Setting Polish characters such as ćęś on an American PC

This is actually is quite simple. The process involves the following:

  1. Setting up a Polish keyboard (the programmer's keyboard is recommended) in addition to a regular, English keyboard that is the default around here
  2. Switching to the Polish keyboard when you want to use it
  3. Making sure that the keyboard is on when you use a program such as a text editor or others
  4. Typing Polish characters by using Right-Alt

Click here for an advice on Apple computers


Setting up the Polish programmer's keyboard

                 Click here for Windows XP instructions

                 Setting up Vista is very similar to Windows7 - see below

Setting up the Polish keyboard on Windows7

Click on Start -> Control Panel -> Change keyboards or other input methods

Click on Change keyboards

Click on Add

Scroll down to Polish, choose the Programmers keyboard

BTW. Polish (214) is the standard Polish keyboard layout as in native keyboards or typewriters, ones that actually do have separate keys with ś or ć on them. This is used only by the professional typists. I don't know anybody who could use that keyboard - I think ś and ć would be somewhere in vicinity of keys with . and , Don't even think about trying it, unless you want to get frustrated!

I have no idea what the United States-International is. Probably some standard deemed very important by some standardization body. Ignore it.

How to use the Programmers keyboard is explained in due course below.

Anyway, Click OK, to add the Programmers keyboard.

 

This is what you should see - Polish on top. If it's not there, click on Polish and then on Move Up button to move it up.

It is actually a personal preference to have the Polish keyboard on all the time, but I find it easier to use when it is setup as the default. When you want to write English as usual, you simply don't use the right-Alt convention for Polish diacriticals.

Click OK to close, you are done.

Setting up the Polish keyboard on Windows XP

On Windows XP you start by going to Regional & Language Options.

      Start -> Control Panel -> Regional & Language Options

Now Click on Details

 Click on Add

 

 Now pick up Polish (Programmers)

 Be sure to pick up the Polish (Programmers) driver, as the other driver is for old style professional typists only ant the right-Alt method of typing works only with the Programmers keyboard.

 This is what you should see

The keyboard is switched from English to Polish with the help of the EN button on the Task Bar (lower right corner usually)

 


Switching to the Polish keyboard

When you have more than one keyboard to choose from, the system tells you which one is currently in use by a language marker on the task bar. Look at the right bottom corner of your screen (typically), you might see the EN marker as below

These pictures are from Windows 7, on Vista this is very similar, on XP the styling is quite different but switching works exactly the same - see example of the XP graphics at the end of this section.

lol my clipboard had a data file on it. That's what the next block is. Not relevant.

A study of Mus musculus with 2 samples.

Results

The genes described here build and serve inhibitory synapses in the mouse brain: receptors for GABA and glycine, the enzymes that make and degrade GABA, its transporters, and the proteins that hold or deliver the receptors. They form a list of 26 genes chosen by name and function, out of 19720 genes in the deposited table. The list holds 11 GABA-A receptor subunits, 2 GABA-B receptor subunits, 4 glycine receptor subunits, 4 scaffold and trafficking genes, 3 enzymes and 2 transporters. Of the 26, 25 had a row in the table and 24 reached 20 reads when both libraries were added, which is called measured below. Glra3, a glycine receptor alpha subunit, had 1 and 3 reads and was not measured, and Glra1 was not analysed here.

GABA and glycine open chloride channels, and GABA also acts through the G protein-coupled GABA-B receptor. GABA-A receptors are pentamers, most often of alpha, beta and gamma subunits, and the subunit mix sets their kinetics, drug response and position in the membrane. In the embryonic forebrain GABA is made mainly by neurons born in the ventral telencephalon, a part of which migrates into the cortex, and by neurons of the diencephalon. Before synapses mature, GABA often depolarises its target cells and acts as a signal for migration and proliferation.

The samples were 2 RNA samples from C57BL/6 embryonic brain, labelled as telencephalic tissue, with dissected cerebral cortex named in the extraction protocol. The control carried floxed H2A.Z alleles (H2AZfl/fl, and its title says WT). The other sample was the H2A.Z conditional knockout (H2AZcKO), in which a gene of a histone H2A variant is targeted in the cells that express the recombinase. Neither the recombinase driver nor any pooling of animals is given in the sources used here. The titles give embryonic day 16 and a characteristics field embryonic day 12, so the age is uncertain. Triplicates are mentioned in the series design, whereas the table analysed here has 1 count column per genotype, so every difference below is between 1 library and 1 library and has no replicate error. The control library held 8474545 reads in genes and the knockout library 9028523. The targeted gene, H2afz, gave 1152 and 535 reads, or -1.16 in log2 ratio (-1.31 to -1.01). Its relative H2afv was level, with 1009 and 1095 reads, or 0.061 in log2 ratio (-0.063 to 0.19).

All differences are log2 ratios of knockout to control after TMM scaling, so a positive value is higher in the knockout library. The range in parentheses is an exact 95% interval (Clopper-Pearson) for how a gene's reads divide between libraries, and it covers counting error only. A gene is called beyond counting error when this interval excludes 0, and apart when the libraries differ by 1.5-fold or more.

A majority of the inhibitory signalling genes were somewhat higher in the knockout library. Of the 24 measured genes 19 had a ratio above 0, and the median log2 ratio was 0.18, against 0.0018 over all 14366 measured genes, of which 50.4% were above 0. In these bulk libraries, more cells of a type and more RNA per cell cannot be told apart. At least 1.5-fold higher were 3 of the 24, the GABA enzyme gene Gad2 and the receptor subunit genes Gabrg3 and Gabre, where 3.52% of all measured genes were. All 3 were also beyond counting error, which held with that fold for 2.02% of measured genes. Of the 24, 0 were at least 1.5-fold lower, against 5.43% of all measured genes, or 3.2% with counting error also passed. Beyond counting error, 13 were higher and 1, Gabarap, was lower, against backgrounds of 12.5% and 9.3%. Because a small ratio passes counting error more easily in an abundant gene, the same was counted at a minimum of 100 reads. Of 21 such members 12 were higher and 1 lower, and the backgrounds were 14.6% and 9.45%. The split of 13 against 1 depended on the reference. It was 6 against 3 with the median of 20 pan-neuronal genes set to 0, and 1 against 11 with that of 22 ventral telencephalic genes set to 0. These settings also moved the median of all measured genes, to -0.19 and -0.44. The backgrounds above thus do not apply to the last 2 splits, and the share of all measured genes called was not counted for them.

EN indicates English. Even if you have Polish keyboard as the default, it can get switched by a system or a program. To change to Polish, just click on EN to open the small dialog showing available keyboards ..

... and click on PL. You should now see PL here

When in doubt which keyboard is on, always look there to check. This is as simple as that.

Below an XP graphics for comparison


Making sure the keyboard is on

The point is that the keyboard must be switched to PL when you type Polish characters. It can happen that when you start a program such a Microsoft Word or Publisher the keyboard might revert to EN.

To be sure you have what you want, do this. Open Word (or other program you use, such as another editor or browser) and click in the area you normally type in. You need to see the cursor blinking inside the area, such as on a Word document page somewhere.

While it blinks, look at the keyboard indicator. If it shows PL, you are good to go. If it shows EN, you need to click on it and switch to PL. Then click back to the document and it should stay PL.


Typing Polish characters with Right-Alt

Please note that this method of typing Polish characters works only with the Programmer keyboard. If it does not seem to work, double checked if you picked up the Programmer keyboard when setting up a Polish keyboard.

There are two Alt keys on the standard keyboard: one key left to the space bar and the other key on right of it.

The Right-Alt key, that is the Alt key on the right side of the space bar, is the key that is reserved for native character support for different keyboards in all Microsoft Windows systems. All the programs that claim to be compatible with Microsoft Windows cannot use that key for other purposes.

Please note that the left Alt key has nothing to do with typing special characters and programs are free to use it as they see fit.

Using Right-Alt to type a Polish character is simple. Press the right Alt and keep it down and then press a Polish character that is the "base", then release both. For example to type ć, press Right-Alt & c, to type ś, press Right-Alt & s etc. For Ń, press Right-Alt & Shift & n. By convention, using z in this way produces ż, press Right-Alt & x to type ź. (x is the only exception to the "base" rule).